Summer's over and the hope-inspiring greenery outside is shriveling up to make way for a barren, icy winter, so let's check out some ultra-blighted parts of the world, just for fun. A new list of the world's 10 most polluted places completely skips over the United States. Chernobyl speaks for itself, for instance. Have a strong argument for your own backyard? Go ahead, nominate your own site. The Blacksmith Institute, a collaboration between governments and nonprofits around the globe that put together the list, will hear your plea.
This reminds me of Google Maps' virtual tour guide of eco-friendly U.S. vacation spots this summer. Google should help the Blacksmith Institute with its maps. Look at how empty their map looks (above) next to the satellite views you can grab for free at Google Maps and its rival sites.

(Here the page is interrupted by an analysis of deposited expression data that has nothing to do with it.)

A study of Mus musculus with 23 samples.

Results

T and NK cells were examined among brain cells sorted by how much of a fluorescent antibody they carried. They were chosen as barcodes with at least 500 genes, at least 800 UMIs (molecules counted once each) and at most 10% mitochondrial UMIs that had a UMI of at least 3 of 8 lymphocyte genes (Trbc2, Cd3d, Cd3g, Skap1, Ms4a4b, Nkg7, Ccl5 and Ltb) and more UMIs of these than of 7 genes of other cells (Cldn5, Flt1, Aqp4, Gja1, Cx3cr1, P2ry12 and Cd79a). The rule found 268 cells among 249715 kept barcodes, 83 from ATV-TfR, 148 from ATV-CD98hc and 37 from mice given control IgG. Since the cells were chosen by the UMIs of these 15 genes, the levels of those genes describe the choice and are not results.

Google's polishing its "do no evil" green credentials lately. The Googleplex is going solar, becoming the world's biggest office to run on sunshine (catch a glimpse here). In an example of Google tech used for good, iLoveMountains.org makes use of Google Earth software to take you on a dizzying tour of decapitated mountains throughout Appalachia.
When people talk about clean coal, don't believe the doublespeak. Mountaintop mining has already decimated some 800 square miles, according to the site, burying 1,000 miles of streams and just generally depressing people who used to have a nice view from their windows. Install Google Earth for 3-D proof. On a brighter note, Blacksmith does detail progress in cleaning up radiation as well as cancerous contamination of groundwater and air around Eastern Europe, Asia, and Africa.